Learn, Do Not Copy!

Allow colleagues to make appropriate contributions

This page is designed to answer the following questions:

NOTE: Although this page has been marked as complete, it has not yet been peer-reviewed or quality-assured, therefore it should be considered a ‘first draft‘ and any information should be fact-checked independently.

For this assessment criterion, you will be required to implement systems and practices that allow colleagues to make appropriate contributions using their specific expertise.

An autocratic leadership style, whereby the leader dictates objectives and tasks, with little or no input from team members can damage team morale and lead to resentment and a lack of trust. It also fails to make the most of the unique experience and expertise of individual team members.

Whilst this type of leadership may be necessary at times (e.g. an emergency situation where decisions must be made quickly), in general, team members should be given the opportunity to make appropriate contributions to organisational planning and operations. This supports team members to feel valued and motivated and be committed to their service and team.

It also leads to the team having a greater pool of specialism from which to generate ideas. You should acknowledge that your partners may have a better understanding of certain areas of practice than you do. For example, a care worker that provides care and support to a service user three days a week is going to know a lot more about that unique individual than you do. Similarly, a dietitian is likely to know more about healthy eating than you do. Therefore, you should always value and respect the perspectives of your partners.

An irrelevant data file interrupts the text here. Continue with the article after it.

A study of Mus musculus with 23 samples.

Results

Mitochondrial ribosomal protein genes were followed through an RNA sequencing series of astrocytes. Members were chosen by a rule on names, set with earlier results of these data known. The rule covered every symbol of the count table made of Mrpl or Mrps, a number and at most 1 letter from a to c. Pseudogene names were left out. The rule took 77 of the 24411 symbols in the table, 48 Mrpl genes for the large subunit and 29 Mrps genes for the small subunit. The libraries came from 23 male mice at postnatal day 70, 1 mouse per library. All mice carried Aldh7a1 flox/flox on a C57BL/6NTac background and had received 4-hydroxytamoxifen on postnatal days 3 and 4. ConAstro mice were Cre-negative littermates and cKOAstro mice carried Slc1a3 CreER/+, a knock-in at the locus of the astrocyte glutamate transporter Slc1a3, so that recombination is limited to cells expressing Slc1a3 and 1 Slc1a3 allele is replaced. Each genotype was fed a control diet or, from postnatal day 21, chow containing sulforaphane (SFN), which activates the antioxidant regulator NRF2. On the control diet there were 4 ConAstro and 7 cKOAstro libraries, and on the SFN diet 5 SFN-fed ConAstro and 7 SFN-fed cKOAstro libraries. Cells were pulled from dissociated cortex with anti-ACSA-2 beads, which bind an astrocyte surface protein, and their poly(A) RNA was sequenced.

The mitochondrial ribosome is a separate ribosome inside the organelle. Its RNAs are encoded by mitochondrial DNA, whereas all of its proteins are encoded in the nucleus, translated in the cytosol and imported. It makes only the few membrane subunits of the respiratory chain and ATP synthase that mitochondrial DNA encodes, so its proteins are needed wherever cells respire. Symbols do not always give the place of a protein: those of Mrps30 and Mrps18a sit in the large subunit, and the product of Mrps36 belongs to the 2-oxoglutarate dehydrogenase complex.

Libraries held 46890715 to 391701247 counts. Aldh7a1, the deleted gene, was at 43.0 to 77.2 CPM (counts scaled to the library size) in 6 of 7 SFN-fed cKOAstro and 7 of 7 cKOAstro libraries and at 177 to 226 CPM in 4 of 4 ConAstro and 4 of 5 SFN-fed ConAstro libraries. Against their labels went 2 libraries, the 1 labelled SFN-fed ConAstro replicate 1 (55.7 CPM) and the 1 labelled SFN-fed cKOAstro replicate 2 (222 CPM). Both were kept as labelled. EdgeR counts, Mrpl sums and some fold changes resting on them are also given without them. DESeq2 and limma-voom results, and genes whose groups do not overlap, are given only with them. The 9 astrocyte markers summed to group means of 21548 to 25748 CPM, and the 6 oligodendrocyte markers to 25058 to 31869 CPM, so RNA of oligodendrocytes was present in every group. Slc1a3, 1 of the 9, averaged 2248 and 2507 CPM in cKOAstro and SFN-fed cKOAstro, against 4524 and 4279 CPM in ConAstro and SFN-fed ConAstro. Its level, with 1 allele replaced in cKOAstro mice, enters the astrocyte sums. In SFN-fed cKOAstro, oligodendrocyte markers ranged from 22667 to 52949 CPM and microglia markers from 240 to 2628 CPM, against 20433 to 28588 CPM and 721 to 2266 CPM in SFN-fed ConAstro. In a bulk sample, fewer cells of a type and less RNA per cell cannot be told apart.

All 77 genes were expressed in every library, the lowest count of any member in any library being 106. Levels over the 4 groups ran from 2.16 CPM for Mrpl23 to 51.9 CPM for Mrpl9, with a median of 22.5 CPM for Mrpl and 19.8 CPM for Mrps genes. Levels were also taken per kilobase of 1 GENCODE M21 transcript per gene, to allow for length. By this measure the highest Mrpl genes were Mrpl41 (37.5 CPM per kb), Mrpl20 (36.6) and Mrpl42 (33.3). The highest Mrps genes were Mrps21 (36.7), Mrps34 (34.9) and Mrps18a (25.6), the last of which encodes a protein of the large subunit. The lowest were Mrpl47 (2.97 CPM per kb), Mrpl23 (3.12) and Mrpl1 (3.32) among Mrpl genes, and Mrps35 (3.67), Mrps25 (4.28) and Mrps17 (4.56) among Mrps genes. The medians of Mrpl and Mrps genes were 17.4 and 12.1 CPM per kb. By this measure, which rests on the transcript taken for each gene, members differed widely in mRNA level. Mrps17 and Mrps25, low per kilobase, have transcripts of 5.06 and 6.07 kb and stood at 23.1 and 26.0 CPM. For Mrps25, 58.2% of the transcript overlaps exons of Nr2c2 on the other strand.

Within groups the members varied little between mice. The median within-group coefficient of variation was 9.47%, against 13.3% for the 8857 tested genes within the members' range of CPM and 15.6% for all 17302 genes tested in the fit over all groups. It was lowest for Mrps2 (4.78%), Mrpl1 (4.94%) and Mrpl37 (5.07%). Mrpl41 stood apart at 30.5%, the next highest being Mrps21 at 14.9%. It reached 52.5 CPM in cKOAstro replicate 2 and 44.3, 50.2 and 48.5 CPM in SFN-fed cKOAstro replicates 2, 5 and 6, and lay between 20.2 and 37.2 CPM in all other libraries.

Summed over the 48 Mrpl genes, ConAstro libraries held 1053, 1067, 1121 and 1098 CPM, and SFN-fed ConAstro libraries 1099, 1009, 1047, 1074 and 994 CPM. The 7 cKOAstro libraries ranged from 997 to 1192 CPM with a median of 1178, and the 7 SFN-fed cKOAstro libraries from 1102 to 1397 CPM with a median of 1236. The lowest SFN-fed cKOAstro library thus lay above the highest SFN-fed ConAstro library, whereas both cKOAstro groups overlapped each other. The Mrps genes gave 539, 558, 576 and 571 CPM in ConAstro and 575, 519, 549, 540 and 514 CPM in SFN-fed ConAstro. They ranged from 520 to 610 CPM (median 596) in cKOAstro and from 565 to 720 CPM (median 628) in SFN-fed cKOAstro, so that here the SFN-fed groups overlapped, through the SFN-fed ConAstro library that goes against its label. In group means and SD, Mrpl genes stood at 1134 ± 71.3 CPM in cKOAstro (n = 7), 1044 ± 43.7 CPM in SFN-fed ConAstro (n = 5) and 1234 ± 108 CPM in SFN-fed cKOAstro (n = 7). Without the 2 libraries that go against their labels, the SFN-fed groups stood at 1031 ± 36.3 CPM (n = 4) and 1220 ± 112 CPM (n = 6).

Even when contributions do not meet the agreed objectives, they should always be valued, respected and considered. You may also need to ask questions to clarify your understanding of their idea. After due consideration and discussion, if a contribution is not suitable, you should explain the reasons why, whilst appreciating the team member’s input.

You should try to foster innovation and creativity within your team so that team members are able to bring their own background, experiences and specialisms to the discussions. And ideas should not be dismissed simply because they have never been tried before – they could be the beginning of an innovation that will pay dividends in the long term.

You should also demonstrate that you value the time that team members are spending in meetings. You should ensure that all team members understand the importance of the collaboration process and that their input is appreciated. In the previous section, we looked at setting ground rules for meetings to ensure that time is spent efficiently effectively.